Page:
The wild west of WA is continuing its tradition of throwing up colourful corporate governance scenarios with the intriguing case of Cape Plc’s pursuit of Perth-based scaffolding company PCH Group.

Cape and PCH entered a stand still agreement in February during takeover negotiations so that a suitable offer could be made. Cape offered 90c a share, a 32% premium at the time, which was rejected. Cape then came back with an indicative offer of $1.30 per share, a 24% premium which valued the company at $245 million, but this was also rejected.

Despite the premium, PCH said $1.30 was not enough so they refused to recommend or even put it to shareholders. If that wasn’t bad enough, PCH has refused to release Cape from the stand still agreement, which was brokered on the understanding an offer would be put to PCH shareholders.

Meanwhile, PCH keeps hiding behind the stand still. PCH maintains shareholders support their decision, but plenty of bigger holders have said they would have accepted the $1.30 offer in absence of a better offer. So what is the PCH board afraid of? That shareholders might see good value in Cape’s offer?

If that’s not bad enough, PCH has also been caught out doing some fancy footwork over the timing of the termination announcement. Cape told London’s AIM market on Tuesday afternoon that it had terminated discussions as it had been unable to reach an agreed price with the PCH board. At no time did Cape mention the proposed $1.30 a share offer.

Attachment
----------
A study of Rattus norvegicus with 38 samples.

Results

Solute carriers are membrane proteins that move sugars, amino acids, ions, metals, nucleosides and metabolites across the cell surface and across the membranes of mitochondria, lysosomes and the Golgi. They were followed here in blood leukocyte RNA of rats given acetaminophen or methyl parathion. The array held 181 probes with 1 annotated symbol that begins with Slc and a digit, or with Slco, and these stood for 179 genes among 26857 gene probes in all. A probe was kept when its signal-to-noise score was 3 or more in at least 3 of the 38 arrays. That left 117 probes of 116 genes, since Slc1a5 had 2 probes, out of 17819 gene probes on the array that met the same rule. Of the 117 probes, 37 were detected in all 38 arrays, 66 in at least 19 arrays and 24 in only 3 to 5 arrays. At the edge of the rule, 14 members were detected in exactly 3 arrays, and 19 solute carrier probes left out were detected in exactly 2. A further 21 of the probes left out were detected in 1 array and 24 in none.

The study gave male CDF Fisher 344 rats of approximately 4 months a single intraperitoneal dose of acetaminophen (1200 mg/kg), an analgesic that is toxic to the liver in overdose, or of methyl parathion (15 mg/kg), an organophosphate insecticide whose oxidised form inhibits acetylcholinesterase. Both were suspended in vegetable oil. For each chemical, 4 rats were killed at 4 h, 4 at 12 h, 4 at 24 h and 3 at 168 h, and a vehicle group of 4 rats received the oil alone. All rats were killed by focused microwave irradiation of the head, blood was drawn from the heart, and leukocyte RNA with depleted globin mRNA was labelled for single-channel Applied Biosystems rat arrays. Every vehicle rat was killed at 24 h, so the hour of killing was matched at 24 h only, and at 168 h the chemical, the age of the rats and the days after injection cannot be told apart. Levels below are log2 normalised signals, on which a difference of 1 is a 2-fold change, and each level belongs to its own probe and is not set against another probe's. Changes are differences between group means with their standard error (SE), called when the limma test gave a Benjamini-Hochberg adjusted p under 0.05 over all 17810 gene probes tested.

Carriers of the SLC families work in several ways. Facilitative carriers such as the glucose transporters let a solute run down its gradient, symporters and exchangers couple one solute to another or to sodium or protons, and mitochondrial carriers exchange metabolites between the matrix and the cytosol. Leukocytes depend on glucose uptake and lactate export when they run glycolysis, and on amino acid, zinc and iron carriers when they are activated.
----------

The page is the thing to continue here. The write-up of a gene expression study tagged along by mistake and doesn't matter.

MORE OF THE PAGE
Meanwhile, back in Perth, PCH didn’t advise the ASX until an hour after trading had kicked off, by the time PCH made the call 2.1 million shares had traded. The price began to recover once PCH disclosed that Cape had been prepared to pay $1.30. The ASX noted that PCH had rejected Cape’s offer on Tuesday night and wanted to know why it hadn’t made disclosure before the start of trade the following day.

PCH’s amazing explanation included the claim that the AIM announcement was spotted “by chance” on Cape’s website even though they were apparently sent a copy by Cape’s advisers before it went out in London!

The bottom line is that PCH knew of Cape’s withdrawal before the start of trading and had a duty to inform the market. This did not happen. Given PCH’s track record to date, at the very least they should release Cape from the stand still and put the offer to shareholders. PCH shares are steady at 99c today.